The Montessori method
Exploring the approach of Marshfield’s Children’s House of Montessori
By Adam Hocking
MARSHFIELD — A mixed age classroom; freedom of choice, movement, and activity; education in a home-like setting: these are the hallmarks of the Montessori experience. Marshfield’s Children’s House of Montessori is located at 1033 S. Adams Ave., and its director and owner is Donna Milz.
The concept of the Montessori school was founded by Maria Montessori, who was an “Italian physician, educator, and innovator, acclaimed for her educational method that builds on the way children naturally learn,” according to the American Montessori Society.
Milz, who also teaches at the Montessori, said that part of the effectiveness of the method comes from teachers following the students’ interest rather than having each student work on the same project or concept at the same time.
“When we can hit on the things that they really like, we take their cue and go with that,” Milz said. “We believe that children learn better in a home-like setting.”
Natural learning spaces like a kitchen, which is a focal point at the Montessori, help children to channel their curiosity through the surroundings they experience every day. Children gather for breakfast and then do the dishes afterwards, giving them a practical skill that they see done in their own homes. Children also help around the Montessori with tasks like sweeping, watering plants, and washing windows.
“We give them a lesson in anything they do,” Milz said. For instance, teachers may spend time showing a 3-year-old how to pour water from a pitcher. The Montessori encourages building self-esteem, allowing children to focus on what they are good at and supplementing that with “challenge work.”
Challenge work may involve something a child knows he or she struggles with, but because they have gained confidence from tasks tailored to their strengths, Milz said children then can take on more difficult activities.
“Anxiety is a huge thing for children these days,” Milz said. “If we can get them to feel confident at this level, hopefully that will help throughout.”
Milz, who worked as an assistant teacher at a non-Montessori 4-year-old kindergarten for 13 years, said she found the traditional school environment with fluorescent lighting, bright colors, and heaps of toys overstimulating. The Children’s House of Montessori incorporates neutral colors on the walls, creating a calming environment for children.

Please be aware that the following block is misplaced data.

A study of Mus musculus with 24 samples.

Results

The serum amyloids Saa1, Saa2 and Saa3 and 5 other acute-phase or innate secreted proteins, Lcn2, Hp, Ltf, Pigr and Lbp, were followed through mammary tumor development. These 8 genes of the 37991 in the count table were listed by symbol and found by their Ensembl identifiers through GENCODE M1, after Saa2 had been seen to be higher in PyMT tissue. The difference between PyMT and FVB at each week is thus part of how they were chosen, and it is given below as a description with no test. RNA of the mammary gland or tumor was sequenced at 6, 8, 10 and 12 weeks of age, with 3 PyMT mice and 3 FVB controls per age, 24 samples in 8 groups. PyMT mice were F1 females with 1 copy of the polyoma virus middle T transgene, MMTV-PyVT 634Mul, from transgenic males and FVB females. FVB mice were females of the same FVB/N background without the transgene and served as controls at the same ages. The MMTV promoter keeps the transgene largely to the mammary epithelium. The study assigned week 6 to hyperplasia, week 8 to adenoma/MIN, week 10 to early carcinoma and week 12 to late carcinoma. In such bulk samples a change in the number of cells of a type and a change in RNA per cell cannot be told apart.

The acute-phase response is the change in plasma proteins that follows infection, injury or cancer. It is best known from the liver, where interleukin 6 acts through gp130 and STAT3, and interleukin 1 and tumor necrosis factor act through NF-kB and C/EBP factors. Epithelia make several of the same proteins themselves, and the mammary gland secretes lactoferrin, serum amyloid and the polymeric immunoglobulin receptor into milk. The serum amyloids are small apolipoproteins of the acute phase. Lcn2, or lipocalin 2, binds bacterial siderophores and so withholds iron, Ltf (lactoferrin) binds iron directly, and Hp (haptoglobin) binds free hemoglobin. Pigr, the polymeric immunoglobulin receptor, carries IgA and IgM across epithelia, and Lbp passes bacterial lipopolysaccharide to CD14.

To start the day, Milz gives the children some free time. Then they circle up together for a lesson from a teacher and subsequently move on to a self-chosen activity. Circle time is brief and sets the agenda for the day. During circle time students sing, do group activities, a child points out the date on a calendar, and the students are asked about the continent, country, state, and city in which they live. Geography is a major component of Montessori education. The children work independently after circle time with guidance from the teachers.
In terms of classroom discussion, Milz said that again the focus is on topics that reflect a child’s reality.
“We talk about … real things: maybe a current event or something that’s happening in the news or a behavior we see in the classroom, feelings, a lot about feelings, a lot about letting themselves express how they feel and who they are,” Milz said.
Milz added that the mixed-aged classroom — Children’s House of Montessori has children ages 3-6 — gives older students the chance to teach the younger children, who are often excited to be involved with an activity normally reserved for an older student.
“It teaches the older ones to be good role models,” Milz said.
The children also have the opportunity to sing to the elderly at Wells Nature View, an assisted living facility.
“Then when we come back from the Wells, we sit in our cubbies, and we talk about how that made those people feel and how we like to make people feel (happy),” Milz said.
The tuition of the Children’s House of Montessori may be seen as the largest barrier of entry. Five full days — from 7 a.m. to 6 p.m. — costs $220 per week. There are lower rates for children that attend fewer days or for shorter amounts of time during the day.
“I always tell people, ‘You get what you pay for.’ Where else do you have 16, 15, 12 students and two teachers?” Milz said. Children’s House of Montessori is licensed to have 16 children.
Milz said for her the bottom line is that with the Montessori method she feels she is making a difference in children’s lives.
“We are enriching their lives a lot,” Milz said. “When I get home at night, … I feel like I have made a difference.”
For more information on Children’s House of Montessori, call 715-384-7171 or search “Children’s House of Montessori” on Facebook.